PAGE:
By Nick Waranoff, January 2021
SB 9 Fact Sheet: Understanding the proposed up-zoning law that would end single-family zoning in California
SB 9 would allow 8 units where there is now one parcel (one lot). A city, however, would not be required to approve more than 6 units. Here is how this would happen.
1. SB 9 would add Govt Code section 65852.21 (allowing 2 units on a single parcel in a single family residential zone [the so-called “duplex” provision but in reality a “two separate houses on one parcel” provision]) and Govt Code 66411.7 (the lot split provision).
a.) The two separate houses on one parcel provision authorizes two separate houses on a single parcel in a single-family residential zone.
b.) The lot split provision authorizes a single lot to be split into two lots of equal size.
c.) An application to do either or both of these is processed ministerially, by right.
d.) There is no requirement for affordable housing and no CEQA review.
2. Under existing law, there is a right to one Accessory Dwelling Unit and one Junior Accessory Dwelling Unit per parcel (Govt Code 65852.2).
a.) An Accessory Dwelling Unit (ADU) can be attached, or detached from an existing home, or a conversion of an existing space such as a garage. A local agency is prohibited from establishing a maximum size of an ADU of less than 850 square feet, or 1,000 square feet if the ADU contains more than one bedroom. When ADUs are created through the conversion of a garage, carport or covered parking structure, replacement off-street parking spaces cannot be required by the local agency (Gov. Code 65852.2, subd. (a)(1)(D)(xi)).
b.) A Junior Accessory Dwelling Unit (JADU) is allowed to be created within the walls of a proposed or existing single-family residence or garage and shall contain no more than 500 square feet.
c.) A local agency can limit the places within its jurisdiction where ADUs can be located, only be based on the adequacy of water and sewer service, and the impacts on traffic flow and public safety, if the agency chooses to pass an ordinance.
d.) “Although cities and counties are mandated to permit ADUs and JADUs, they are not required to adopt ADU and JADU ordinances. However, any city/county that does adopt an ADU ordinance, must submit the ordinance to HCD within 60 days.”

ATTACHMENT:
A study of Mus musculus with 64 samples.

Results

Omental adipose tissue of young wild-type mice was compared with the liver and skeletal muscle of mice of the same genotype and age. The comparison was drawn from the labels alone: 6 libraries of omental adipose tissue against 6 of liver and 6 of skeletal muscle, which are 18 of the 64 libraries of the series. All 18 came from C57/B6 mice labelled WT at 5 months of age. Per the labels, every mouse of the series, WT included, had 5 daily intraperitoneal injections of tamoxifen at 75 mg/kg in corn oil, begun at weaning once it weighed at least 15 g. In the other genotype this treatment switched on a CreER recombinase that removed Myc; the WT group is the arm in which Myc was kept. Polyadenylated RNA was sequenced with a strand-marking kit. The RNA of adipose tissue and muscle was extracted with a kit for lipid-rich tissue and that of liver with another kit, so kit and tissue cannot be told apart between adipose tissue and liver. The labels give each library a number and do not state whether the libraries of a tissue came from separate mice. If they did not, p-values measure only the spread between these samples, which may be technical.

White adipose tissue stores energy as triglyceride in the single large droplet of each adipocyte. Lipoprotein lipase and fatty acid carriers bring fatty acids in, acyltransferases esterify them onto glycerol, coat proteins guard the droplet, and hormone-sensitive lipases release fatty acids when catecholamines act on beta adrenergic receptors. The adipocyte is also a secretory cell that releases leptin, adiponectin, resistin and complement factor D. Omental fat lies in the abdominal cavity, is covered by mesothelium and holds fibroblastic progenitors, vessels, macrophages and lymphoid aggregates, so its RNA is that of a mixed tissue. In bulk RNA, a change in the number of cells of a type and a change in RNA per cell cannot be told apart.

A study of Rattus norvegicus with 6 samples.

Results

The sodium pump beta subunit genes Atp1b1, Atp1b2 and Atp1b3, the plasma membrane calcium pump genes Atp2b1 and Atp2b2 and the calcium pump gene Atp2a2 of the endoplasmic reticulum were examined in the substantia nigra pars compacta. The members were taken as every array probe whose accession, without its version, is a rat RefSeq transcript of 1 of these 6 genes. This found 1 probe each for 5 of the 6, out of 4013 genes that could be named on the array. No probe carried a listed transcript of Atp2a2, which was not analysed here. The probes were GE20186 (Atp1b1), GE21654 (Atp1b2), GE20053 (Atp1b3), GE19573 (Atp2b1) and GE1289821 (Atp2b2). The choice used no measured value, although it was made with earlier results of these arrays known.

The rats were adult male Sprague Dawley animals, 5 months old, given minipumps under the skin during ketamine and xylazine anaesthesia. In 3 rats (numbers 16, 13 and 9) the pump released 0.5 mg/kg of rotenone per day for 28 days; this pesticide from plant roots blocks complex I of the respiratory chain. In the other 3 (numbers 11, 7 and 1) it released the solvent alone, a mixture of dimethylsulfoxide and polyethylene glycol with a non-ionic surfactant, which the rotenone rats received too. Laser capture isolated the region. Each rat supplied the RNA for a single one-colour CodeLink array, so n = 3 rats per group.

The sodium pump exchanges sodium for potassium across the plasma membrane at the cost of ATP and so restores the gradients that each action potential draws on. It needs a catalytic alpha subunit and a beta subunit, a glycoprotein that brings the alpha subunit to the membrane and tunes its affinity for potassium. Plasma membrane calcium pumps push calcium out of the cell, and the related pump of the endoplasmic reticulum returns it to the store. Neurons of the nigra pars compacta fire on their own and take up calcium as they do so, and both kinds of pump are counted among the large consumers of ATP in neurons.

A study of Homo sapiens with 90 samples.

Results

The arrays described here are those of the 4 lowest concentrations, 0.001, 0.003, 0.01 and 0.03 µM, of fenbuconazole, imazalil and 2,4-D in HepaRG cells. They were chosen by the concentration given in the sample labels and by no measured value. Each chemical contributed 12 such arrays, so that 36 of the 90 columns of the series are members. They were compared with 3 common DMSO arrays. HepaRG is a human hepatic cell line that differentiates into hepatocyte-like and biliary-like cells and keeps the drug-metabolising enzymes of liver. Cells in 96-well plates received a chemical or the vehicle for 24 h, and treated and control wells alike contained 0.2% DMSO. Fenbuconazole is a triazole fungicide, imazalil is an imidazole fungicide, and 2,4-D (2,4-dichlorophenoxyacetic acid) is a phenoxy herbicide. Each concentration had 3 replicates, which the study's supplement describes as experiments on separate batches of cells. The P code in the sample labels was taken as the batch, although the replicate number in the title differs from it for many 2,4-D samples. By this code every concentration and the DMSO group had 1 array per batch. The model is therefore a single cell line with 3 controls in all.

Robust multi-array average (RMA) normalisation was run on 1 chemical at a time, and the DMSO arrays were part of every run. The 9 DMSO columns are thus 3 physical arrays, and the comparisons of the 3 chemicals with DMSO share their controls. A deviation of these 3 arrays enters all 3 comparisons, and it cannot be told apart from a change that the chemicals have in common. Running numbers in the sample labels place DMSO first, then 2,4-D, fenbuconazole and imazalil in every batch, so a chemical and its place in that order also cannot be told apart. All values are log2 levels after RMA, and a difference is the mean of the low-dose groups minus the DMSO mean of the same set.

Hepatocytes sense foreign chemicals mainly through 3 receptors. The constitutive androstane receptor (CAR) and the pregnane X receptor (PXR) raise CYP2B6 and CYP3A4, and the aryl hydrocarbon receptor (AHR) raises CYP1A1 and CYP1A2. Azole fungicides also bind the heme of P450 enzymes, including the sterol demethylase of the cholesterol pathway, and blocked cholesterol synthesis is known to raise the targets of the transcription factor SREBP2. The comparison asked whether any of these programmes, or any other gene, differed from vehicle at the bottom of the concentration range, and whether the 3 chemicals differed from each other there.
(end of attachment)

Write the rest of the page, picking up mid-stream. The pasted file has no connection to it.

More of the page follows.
e.) There is no requirement that an ADU or a JADU be limited to any category of affordable housing.
f.) Here is link to the HCD website. https://hcd.ca.gov/policy-research/accessorydwellingunits.shtml
g.) Here is a link to the HCD Handbook. https://hcd.ca.gov/policy-research/docs/adu-ta-handbook-final.pdf
3. Under SB 9, there are three scenarios that illustrate how many units could be built on one existing parcel:
a.) Scenario One: The “two free-standing houses” provision of SB 9 (sometimes mistakenly called the “duplex” provision, even though not limited to “duplexes”) is invoked but not the lot split provision: One parcel now has two free-standing houses. An ADU and a JADU are allowed as of right on the parcel. Total of 4 units: two free-standing houses plus an ADU and a JADU on the single parcel.
b.) Scenario Two: The lot split provision of SB 9 is invoked but not the “two free-standing houses” provision: one parcel becomes two. Each parcel can have a free-standing house plus an ADU and a JADU. Three housing units on each parcel for a total of 6 units.
c.) Scenario Three: Both the lot split provision and the two free-standing houses provision are invoked. Two parcels. Each parcel has two houses, PLUS each parcel is entitled to an ADU and a JADU. Four housing units per parcel, for a total of 8 units.
Note re Scenario Three: Under SB 9, a city is not required to approve an ADU or a JADU where BOTH the lot split provision and two free-standing houses provision are invoked, so a city could limit this scenario to four housing units on what was formerly one parcel. See proposed section 65852.21(e), part of the “two free-standing houses” provision, that would provide, “Notwithstanding Section 65852.2 [the existing ADU law referenced above], a local agency shall not be required to permit an accessory dwelling unit on parcels that use both the authority contained within this section [the two free-standing houses section] and the authority contained in Section 66411.7 [the lot split section]” and proposed section 66411.7(h), part of the proposed lot split section, that would provide “Notwithstanding Section 65852.2 [the existing ADU law], a local agency shall not be required to permit an accessory dwelling unit on parcels that use both the authority contained within this section and the authority contained in Section 65852.21 [the two free-standing houses section].